Croton-on-Hudson, NEW YORK – Americans recently learned that when immigrant families arrive at the U.S. southern border, children are often separated from their parents.
After having crossed the border from Mexico into the U.S., sometimes illegally, families are hoping to start a new life after having reached their much-anticipated destination.
Unfortunately for these people, the Trump administration’s new policy is to prevent people entering the country from not only starting a new life, but also to separate families.
After reaching the border, the adults are put in jail, leaving the children in government custody. Not only has this torn families apart, potentially ruining the lives of these people just trying to find a home, it has put them in a situation that is nearly impossible to escape.
When children are placed in government custody, their parents no longer have a say in their lives – decisions are all up to the government. These children can be put in foster homes, orphanages, or anywhere the government sends them.
The New York Times reported this week about parents being deported after their children had been taken from them. The story detailed a case of a woman from Guatemala whose eight-year-old son was taken away while she was put on a plane to her country. She told the newspaper she had no idea when or how she could see her child again.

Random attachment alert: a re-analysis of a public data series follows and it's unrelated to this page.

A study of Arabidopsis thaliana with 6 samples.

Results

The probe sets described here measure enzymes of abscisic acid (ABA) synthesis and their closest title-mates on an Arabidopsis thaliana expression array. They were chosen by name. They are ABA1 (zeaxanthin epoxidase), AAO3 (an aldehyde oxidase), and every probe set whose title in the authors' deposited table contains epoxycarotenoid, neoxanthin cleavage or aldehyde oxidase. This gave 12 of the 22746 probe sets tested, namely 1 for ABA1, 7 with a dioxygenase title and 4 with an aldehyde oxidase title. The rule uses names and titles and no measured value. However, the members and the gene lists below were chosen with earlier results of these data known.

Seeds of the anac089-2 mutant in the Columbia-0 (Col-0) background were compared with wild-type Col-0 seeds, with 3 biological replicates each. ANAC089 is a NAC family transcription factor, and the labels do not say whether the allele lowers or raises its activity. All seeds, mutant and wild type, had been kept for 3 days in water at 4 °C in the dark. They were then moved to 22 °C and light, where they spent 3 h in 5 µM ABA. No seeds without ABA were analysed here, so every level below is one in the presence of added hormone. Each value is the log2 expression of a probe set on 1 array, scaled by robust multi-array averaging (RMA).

Many of these children are young and struggle to understand everything that is happening around them. They have no idea of how they could escape a situation like this.
The fact that these children are being taken from their families is horrifying enough, but that they could potentially be permanently separated is hard to even imagine.
This new government policy raises some questions. Are these people criminals who must be put in jail? After all, some did break a law. Or are they parents, just seeking a better life for their children?
These are the questions our government must answer and act upon.
I believe this crisis should be brought to the attention of people worldwide. These families should be getting fair lawyers who can speak their language. Children should have the opportunity to see their parents, or at least know where they are.
I hope that more people who want to make a change will learn about this issue. Then there will be more people invested in allowing these families a chance for a better life, or at the very least, the ability to stay together.
Isabel Slippen is a Junior Reporter for Youth Journalism International.